CITY HALL — City officials confirmed Wednesday that they would no longer work with traffic and circulation consultant Jeffrey Tumlin after comments on an online biography proved even more controversial than the parking policies he espoused.

In the bio, Tumlin wrote that Santa Monica politics “had been dominated by NIMBYs who used traffic fear as their primary tool for stopping development.” The reference, indeed the entire section on Santa Monica, had been removed as of Wednesday.

The comment spurred outrage amongst residents, who called for Tumlin’s dismissal. Additionally, Santa Monica Coalition for a Livable City, or SMCLC, wrote an adjoining letter expressing distaste for Tumlin’s parking policies, which involve building less parking than currently required for new development and opening up existing lots to increase supply in some areas.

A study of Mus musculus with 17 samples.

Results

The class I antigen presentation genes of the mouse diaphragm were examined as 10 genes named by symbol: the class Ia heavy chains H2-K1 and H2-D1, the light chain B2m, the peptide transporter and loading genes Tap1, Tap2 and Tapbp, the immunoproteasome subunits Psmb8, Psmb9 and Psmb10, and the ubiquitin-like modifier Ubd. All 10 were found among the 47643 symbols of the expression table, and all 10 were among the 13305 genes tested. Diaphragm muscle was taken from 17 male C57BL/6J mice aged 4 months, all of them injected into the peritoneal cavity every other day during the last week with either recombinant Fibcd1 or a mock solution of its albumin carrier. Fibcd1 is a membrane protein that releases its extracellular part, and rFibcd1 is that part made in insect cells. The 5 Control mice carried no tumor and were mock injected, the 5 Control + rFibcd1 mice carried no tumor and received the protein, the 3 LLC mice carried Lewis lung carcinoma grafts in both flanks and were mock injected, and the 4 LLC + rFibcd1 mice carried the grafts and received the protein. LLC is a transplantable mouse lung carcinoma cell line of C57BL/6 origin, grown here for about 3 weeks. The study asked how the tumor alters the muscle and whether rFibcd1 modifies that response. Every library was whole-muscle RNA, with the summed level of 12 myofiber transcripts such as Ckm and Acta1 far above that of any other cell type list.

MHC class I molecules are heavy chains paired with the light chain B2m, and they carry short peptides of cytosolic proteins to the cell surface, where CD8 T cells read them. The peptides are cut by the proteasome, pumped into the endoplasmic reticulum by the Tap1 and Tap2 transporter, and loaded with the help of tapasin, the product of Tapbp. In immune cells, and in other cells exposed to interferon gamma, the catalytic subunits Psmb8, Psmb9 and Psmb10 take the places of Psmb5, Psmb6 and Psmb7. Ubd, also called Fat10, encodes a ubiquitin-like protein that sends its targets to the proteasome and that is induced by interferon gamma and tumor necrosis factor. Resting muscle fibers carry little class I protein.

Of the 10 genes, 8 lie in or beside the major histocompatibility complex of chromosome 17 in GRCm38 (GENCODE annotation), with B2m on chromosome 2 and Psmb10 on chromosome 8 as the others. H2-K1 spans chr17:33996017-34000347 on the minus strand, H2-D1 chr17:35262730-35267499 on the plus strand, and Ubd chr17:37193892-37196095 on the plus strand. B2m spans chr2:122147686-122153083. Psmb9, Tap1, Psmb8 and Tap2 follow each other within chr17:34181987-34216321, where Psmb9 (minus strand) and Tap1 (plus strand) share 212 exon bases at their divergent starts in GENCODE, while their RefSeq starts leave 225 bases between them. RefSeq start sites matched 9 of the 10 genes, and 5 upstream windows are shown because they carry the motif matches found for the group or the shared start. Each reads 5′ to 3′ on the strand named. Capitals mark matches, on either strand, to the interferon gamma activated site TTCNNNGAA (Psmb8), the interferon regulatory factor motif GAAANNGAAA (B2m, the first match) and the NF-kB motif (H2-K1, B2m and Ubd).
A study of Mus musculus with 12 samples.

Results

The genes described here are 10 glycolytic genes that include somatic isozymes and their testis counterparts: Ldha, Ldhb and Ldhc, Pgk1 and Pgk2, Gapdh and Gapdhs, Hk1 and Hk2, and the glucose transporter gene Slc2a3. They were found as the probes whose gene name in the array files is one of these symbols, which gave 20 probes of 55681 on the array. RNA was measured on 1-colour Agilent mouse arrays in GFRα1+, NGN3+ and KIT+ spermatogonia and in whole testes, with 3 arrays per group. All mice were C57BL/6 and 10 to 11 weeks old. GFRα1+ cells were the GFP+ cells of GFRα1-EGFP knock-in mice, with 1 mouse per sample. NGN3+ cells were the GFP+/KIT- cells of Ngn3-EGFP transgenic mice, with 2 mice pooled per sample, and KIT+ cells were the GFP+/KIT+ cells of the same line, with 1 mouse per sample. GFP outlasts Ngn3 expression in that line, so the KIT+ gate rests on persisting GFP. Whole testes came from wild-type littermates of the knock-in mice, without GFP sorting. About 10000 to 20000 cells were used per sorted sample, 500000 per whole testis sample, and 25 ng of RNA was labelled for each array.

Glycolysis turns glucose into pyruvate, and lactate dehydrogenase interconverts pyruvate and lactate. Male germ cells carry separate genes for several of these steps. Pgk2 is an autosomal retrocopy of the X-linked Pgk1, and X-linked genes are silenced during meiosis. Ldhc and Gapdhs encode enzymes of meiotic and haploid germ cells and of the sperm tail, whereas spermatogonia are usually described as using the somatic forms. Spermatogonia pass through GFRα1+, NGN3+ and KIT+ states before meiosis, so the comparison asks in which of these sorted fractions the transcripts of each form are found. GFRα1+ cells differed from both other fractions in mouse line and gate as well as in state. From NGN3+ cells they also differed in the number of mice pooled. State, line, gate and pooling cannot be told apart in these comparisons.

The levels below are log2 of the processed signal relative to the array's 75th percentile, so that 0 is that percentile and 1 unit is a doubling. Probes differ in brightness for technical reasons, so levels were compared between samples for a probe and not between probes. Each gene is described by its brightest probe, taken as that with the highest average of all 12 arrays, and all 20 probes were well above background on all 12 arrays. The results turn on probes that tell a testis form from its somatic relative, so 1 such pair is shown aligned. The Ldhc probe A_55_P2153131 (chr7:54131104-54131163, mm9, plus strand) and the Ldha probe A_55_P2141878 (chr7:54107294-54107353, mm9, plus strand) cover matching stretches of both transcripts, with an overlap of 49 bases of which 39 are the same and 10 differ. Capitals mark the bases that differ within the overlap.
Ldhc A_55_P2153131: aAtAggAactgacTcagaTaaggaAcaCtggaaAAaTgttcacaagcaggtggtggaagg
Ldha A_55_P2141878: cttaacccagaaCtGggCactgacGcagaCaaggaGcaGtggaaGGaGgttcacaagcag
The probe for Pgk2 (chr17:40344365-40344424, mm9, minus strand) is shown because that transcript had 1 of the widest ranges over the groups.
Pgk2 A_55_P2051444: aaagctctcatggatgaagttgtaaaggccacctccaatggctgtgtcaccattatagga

The net effect would be to drive down costs of development, and therefore the price of housing, and ostensibly cause fewer car trips by attracting fewer cars based on the premise that you will not drive where you cannot park.

The theory is embraced by planning professionals, although it constitutes “a huge transition,” said Juan Matute, of the UCLA Institute of Transportation Studies, in January when Tumlin’s proposal first ricocheted through Santa Monica.

That holds little water for Santa Monicans aghast that large amounts of new development could ever result in the “no new net PM trips” promise enshrined in the 2010 Land Use and Circulation Element, a planning document that is supposed to dictate development in Santa Monica for decades to come.

“Mr. Tumlin’s central premise — that new development would yield no additional traffic — is an unsound prediction without basis,” SMCLC wrote. “It is fanciful social experimentation, embraced only by developers.”

It’s unclear if those unpopular ideas will exit along with Tumlin.

City Hall is not releasing his firm, Nelson\Nygaard, said Kate Vernez, deputy city manager for special projects.

For his part, Tumlin expressed regret over the comments, and apologized to the community.

“My comment was neither thoughtful nor respectful, and I have failed to live up to the standards set by the city. For that, I deeply apologize,” Tumlin said.